Czechs May Elect President Set to Clash With Government
The Czech Republic’s first direct presidential election threatens to usher in a leader who will clash with Premier Petr Necas’s economic plans as the minority coalition aims to curb the fiscal deficit amid a recession.
Balloting ended today at 2 p.m. in Prague as the ex- communist European Union member’s citizens voted for the third president since the country became an independent state 20 years ago. Vaclav Klaus, an economist who as premier oversaw the transition from a centrally-planned to market economy two decades ago, replaced the late Vaclav Havel in 2003.
The country is suffering its second recession since 2009. The economy is showing weak domestic demand as households and businesses cut spending due to government austerity programs and the euro area’s debt crisis, prompting the central bank to lower interest rates to effectively zero last year. Two former prime ministers, Milos Zeman and Jan Fischer, lead in opinion polls and are likely to advance to a run-off in two weeks. Results are expected later today.
“Should Zeman make it into the second round with Fischer, he is likely to rally the leftist vote, which has grown stronger in opposition to austerity implemented by the government,” said Otilia Simkova, an analyst at Eurasia Group in London. “Necas’s relationship with Klaus has recently been confrontational, but this does not mean he will be relieved by Klaus’s departure. Zeman would likely become an equally formidable critic.”
Necas has cut investment, raised the sales taxes and curbed spending on public wages since taking power in 2010, crediting the budget-deficit cuts with helping to reduce borrowing costs to record lows. Gross domestic product shrank for a third three- month period from July to September, matching the longest quarterly declines on record.
The koruna was little changed at 25.636 to the euro late yesterday. Its 2.1 percent loss in January is the second- steepest among emerging-market currencies tracked by Bloomberg.
Klaus, who was the Czech Republic’s most high-profile critic of the EU and its common currency, is forbidden by law to seek the post again after his second term ends on March 7. One of his most eminent acts during his 10-year presidency was to delay signing of the EU’s Lisbon Treaty in 2009.
The president, who was until now elected by lawmakers, selects the political leader who attempts to form a government after general elections and influences monetary policy by holding the sole right to name central bank board members. The position’s powers haven’t changed under the new voting system.
Zeman led the latest opinion poll by Ppm Factum company with 25 percent support, ahead of Fischer with 20 percent. The poll was conducted among a representative sample of 959 people Jan. 1-6. It didn’t publish a margin of error. Running in third place in opinion polls with about 11 percent support is Vladimir Franz, a composer and painter known more for his head-to-toe tattoos than his politics. A candidate must receive 50 percent of the vote to win the elections outright.
The Czech Electoral Commission estimated turnout on the first day of voting at about 40 percent of the country’s 8.5 million eligible voters, the CTK news wire reported. If the pace continues, total participation may reach 60 percent, compared with about 35 percent in the first round of Senate elections in October last year, CTK said.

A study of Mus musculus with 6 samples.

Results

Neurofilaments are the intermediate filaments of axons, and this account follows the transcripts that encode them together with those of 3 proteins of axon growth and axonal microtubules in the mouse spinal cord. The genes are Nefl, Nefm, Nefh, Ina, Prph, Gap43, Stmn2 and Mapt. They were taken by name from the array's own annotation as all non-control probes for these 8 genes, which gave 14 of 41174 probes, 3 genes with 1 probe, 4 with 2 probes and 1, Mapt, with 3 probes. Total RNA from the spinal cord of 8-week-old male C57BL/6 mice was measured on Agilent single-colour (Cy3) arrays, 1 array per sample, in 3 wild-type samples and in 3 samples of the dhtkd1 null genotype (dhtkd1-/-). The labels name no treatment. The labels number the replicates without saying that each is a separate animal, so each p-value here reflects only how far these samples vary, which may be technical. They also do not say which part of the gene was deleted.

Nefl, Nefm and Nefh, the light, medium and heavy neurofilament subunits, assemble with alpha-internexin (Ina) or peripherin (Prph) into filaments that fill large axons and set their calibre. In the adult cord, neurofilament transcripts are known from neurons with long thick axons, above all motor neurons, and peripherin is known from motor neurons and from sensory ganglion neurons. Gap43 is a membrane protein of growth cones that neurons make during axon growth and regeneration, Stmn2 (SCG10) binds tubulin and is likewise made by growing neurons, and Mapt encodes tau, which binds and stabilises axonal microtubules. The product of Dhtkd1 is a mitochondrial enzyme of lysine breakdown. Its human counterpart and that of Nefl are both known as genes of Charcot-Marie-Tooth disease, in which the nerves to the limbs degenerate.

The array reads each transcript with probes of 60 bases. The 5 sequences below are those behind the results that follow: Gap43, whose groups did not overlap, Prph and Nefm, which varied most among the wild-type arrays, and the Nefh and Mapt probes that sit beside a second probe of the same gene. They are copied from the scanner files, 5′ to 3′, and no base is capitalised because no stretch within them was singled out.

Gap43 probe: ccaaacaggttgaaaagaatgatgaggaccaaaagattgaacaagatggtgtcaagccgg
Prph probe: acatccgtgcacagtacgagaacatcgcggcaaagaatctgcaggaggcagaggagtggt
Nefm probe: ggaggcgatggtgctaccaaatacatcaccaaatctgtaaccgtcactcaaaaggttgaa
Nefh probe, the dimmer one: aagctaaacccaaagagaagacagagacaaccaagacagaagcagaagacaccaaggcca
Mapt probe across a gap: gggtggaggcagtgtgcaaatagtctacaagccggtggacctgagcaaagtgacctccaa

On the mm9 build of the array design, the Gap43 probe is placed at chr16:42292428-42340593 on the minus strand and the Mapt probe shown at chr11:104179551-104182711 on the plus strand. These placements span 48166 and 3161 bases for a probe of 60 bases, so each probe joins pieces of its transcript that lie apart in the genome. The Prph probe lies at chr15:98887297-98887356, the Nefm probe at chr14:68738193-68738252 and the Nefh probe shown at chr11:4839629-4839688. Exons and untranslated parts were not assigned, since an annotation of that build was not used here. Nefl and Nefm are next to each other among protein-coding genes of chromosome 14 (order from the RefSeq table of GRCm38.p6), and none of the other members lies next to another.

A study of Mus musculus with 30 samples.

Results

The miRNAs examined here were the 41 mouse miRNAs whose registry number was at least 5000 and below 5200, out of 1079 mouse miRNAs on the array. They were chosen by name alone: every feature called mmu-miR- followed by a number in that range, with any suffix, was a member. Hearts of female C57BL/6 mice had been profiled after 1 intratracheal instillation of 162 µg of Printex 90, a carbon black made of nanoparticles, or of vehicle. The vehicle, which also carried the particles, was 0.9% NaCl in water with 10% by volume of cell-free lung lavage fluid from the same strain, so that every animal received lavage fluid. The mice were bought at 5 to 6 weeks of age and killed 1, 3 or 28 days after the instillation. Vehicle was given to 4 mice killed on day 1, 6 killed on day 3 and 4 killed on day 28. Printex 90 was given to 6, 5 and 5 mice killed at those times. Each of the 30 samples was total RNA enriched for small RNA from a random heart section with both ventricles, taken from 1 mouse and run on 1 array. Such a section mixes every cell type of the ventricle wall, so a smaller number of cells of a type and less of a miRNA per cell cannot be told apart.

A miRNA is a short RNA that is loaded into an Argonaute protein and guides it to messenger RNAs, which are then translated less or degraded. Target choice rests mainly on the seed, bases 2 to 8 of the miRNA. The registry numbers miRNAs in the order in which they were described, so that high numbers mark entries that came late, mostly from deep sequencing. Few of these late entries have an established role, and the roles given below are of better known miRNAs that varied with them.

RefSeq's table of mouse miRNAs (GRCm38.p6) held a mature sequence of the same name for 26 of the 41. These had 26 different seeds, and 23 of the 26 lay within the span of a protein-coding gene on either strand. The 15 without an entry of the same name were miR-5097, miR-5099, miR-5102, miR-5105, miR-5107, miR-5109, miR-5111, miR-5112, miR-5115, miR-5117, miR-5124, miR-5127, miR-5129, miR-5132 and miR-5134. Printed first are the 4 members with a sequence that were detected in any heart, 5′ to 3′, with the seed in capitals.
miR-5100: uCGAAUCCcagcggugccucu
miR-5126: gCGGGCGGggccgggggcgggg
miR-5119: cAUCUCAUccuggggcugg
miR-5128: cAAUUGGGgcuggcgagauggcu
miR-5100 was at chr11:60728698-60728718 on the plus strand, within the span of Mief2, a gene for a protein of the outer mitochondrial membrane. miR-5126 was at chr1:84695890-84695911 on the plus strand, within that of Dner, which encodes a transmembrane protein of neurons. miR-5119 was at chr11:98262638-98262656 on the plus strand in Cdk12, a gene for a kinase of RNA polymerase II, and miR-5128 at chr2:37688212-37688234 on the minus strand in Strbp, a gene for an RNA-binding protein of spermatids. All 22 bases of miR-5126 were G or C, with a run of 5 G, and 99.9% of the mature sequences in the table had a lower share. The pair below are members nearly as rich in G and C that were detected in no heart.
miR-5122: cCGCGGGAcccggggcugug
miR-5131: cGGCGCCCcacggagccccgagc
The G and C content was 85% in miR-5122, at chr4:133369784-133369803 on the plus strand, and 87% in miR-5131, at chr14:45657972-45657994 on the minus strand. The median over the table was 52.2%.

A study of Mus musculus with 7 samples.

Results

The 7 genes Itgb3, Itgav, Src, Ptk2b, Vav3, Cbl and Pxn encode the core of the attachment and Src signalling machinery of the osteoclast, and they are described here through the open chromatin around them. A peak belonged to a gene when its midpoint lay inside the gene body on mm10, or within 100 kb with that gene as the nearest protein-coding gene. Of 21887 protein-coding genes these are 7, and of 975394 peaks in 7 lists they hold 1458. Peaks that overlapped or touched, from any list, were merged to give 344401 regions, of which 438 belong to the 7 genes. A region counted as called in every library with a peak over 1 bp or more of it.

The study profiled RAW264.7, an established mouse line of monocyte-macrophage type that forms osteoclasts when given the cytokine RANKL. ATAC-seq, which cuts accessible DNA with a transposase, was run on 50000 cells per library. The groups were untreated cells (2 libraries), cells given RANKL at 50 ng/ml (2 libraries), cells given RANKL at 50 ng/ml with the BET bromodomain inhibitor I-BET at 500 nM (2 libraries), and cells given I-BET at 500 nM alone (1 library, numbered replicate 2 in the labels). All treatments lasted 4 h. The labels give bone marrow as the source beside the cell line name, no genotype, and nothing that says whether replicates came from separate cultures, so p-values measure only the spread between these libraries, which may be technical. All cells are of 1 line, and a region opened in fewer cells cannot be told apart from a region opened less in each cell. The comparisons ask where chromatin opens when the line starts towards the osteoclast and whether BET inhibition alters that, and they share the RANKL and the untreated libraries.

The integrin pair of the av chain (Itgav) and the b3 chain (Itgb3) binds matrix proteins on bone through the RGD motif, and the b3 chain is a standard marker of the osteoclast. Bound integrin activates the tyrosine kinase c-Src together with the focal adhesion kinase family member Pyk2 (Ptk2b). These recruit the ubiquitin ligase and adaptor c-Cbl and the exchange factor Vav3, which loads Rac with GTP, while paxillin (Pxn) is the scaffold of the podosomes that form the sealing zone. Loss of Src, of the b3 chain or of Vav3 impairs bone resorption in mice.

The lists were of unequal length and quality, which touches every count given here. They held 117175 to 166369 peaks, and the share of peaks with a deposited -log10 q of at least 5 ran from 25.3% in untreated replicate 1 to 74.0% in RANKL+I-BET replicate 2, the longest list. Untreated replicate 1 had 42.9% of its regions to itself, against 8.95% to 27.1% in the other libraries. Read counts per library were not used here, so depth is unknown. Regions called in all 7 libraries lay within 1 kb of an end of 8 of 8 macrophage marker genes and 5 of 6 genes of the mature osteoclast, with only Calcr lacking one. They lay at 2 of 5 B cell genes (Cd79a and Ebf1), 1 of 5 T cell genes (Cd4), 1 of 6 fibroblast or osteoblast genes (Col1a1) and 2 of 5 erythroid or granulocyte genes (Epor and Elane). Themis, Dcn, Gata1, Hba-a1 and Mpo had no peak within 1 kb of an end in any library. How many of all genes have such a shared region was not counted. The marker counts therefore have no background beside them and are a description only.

Zeman, 68, and Klaus were rivals in the 1990s heading the two largest political factions in the country. Zeman, an economist who worked as a forecaster in the Academy of Science shortly after the fall of communism in 1989, eventually won the premier’s office in 1998 when his Social Democrats formed a minority government that ruled thanks to an agreement with the opposition Civic Democrats, then led by Klaus.
His economic program for the presidential race included calls for more state investment and restoration of progressive taxation of higher earners. He has opposed Necas’s pension overhaul, a program designed to boost private retirement savings that was among reasons cited by Standard & Poor’s when it lifted the rating on the country’s debt two steps to AA-, its fourth- highest grade, in 2011.
Zeman said he would name central bankers who support economic growth and not strive only to meet the inflation and currency-stability goals mandated by the law.
“These two functions of the central bank are equally important,” Zeman said at an economic conference Jan. 8. “One of the main causes of the current crisis is undercapitalization of the economies.”
The first chance for the new president to amend the rate- setting central bank board will come in March 2014 when the term of Eva Zamrazilova ends.
Fischer, 62, rose to prominence in 2009 when the two main political parties picked the then-head of the statistics office to lead a caretaker Cabinet after the administration of Mirek Topolanek collapsed in the middle of the Czech EU presidency.
Also an economist, Fischer said during the campaign he wouldn’t name a government including ministers from the Communist Party, although he stopped short of ruling out naming a Cabinet that would rule with their tacit support. He has called his membership in the Communist Party before the regime collapsed in 1989 “a mistake.”
Franz, who has never held political office and admits to little knowledge of economics, has shaken up the campaign with his straight talk and body art accented by the red, blue and green swirls that envelope his entire face.
Supported mainly by younger voters, the rise of his candidacy has shown the disdain many Czechs have for politicians they feel are corrupt.